The Henry’s Fork below St. Anthony is a productive fishery with an increasing brown trout population. Recently IDF&G fisheries personnel have completed a survey of its salmonid population. The results of this survey are given below.
Trout Populations are Strong in the Henry’s Fork near St. Anthony
By John Heckel
Regional Fisheries Biologist
In early October 2020, we conducted our 6th population estimate on the St. Anthony reach of the Henry’s Fork of the Snake River. This estimate is conducted in the fall every three years and extends from the Railroad Bridge downstream to the Red Road Bridge. Based on our sampling data since 2010, we can see an increasing trend in Brown Trout abundance in this reach.
We can see in the figure above that the number of Brown Trout per mile has been increasing since we started surveying the reach in 2004 while Rainbow Trout abundance has remained low and relatively constant. Currently, Brown Trout make up 96% of the trout composition in this reach where we caught 1,468 trout in total. As can be seen in the images, there are some very large Brown Trout with fish up to 25” in this reach!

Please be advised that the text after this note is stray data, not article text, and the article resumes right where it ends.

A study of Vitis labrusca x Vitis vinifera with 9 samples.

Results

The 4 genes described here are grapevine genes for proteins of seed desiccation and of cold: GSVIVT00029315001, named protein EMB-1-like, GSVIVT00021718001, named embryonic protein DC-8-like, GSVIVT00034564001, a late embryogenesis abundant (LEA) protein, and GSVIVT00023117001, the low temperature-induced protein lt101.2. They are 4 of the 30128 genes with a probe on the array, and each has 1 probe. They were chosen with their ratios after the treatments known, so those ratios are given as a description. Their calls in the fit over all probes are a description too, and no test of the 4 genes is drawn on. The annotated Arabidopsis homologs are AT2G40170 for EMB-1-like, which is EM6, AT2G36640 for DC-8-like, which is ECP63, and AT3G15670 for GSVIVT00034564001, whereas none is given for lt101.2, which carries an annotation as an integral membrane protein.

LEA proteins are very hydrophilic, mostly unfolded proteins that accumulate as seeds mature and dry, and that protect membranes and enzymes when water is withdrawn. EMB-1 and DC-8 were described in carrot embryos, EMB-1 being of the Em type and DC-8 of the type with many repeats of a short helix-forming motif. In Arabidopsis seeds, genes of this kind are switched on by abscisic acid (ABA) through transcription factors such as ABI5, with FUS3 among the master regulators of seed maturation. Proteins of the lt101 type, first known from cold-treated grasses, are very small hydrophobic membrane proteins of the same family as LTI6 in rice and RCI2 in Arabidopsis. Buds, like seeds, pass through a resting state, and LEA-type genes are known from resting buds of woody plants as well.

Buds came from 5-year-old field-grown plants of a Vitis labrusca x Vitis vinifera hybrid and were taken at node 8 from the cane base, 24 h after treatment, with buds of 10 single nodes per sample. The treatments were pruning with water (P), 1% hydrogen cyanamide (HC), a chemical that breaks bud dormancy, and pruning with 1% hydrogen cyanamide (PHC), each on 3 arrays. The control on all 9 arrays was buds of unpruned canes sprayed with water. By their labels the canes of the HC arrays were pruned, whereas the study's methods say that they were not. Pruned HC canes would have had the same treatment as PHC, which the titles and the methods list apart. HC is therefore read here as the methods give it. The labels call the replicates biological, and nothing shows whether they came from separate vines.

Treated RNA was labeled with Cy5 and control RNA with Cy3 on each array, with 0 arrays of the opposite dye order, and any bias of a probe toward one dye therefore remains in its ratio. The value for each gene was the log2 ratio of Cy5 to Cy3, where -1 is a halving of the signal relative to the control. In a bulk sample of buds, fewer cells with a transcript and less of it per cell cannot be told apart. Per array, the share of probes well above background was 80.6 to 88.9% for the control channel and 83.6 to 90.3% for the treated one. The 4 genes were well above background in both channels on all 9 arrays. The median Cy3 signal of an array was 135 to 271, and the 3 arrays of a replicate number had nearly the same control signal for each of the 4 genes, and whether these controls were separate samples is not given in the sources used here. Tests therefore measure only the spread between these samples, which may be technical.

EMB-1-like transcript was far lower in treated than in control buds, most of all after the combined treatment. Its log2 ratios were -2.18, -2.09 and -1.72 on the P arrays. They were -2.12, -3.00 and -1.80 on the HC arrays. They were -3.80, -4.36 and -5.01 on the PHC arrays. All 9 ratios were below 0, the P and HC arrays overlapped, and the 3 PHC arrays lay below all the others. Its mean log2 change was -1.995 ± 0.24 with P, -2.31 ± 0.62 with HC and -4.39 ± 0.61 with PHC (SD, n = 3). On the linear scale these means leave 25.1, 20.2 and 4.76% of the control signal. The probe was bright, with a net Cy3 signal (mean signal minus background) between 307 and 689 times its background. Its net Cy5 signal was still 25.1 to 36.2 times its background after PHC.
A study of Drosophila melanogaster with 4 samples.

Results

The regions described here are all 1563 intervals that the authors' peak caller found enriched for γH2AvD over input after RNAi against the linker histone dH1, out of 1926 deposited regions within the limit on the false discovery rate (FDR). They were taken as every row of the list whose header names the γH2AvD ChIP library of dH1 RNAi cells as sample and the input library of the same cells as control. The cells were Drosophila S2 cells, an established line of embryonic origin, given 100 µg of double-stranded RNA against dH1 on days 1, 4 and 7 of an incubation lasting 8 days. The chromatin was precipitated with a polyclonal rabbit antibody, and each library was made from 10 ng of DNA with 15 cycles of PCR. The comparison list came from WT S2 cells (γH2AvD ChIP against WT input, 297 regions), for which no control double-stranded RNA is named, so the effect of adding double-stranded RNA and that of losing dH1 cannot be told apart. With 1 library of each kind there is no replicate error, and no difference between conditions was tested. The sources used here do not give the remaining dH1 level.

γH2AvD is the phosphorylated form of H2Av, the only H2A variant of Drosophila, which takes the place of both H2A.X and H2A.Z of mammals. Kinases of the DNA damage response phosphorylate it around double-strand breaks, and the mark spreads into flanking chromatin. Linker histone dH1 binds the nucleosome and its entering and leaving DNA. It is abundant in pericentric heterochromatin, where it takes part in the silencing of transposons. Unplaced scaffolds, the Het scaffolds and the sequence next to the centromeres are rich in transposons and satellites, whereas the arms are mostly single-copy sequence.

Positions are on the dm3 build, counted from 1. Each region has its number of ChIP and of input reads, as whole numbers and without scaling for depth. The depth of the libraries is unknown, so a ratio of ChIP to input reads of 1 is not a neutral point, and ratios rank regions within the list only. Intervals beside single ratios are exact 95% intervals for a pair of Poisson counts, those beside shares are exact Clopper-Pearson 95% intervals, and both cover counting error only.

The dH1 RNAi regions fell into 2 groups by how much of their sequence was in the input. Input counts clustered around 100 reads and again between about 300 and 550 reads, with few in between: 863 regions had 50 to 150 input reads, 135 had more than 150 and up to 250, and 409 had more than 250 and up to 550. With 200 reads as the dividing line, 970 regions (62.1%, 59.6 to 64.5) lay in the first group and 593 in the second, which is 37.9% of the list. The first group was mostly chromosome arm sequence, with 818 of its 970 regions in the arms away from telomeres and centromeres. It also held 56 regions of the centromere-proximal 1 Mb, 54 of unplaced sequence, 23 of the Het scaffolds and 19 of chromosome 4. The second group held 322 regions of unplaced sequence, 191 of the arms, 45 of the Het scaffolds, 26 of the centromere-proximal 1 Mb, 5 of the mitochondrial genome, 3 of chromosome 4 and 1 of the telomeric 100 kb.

The trout population in this portion of the Henry’s Fork is managed as a wild trout fishery, so these large trout captured in this reach are in fact wild fish. Therefore, referring to the length distribution of fish captured here, this section of river grows some very large trout.
Although water temperature in this section of the Henry’s Fork can become warmer than 70°F during portions of the summer, trout can find thermal refugia from groundwater and spring inputs that help coldwater fish remain cool. In addition to Brown and Rainbow trout, we also estimated Mountain Whitefish abundance in the reach. There were 685 whitefish per mile. Based on our length frequency data from Mountain Whitefish we observed several age classes present, which is evident by the multiple peaks in different length groups.
Survey results indicate sport fish populations in the St. Anthony reach are healthy and in good numbers. Managing this section of the river as a wild trout fishery with a 2 trout limit appears to be conducive for growing large fish and allowing population numbers to increase.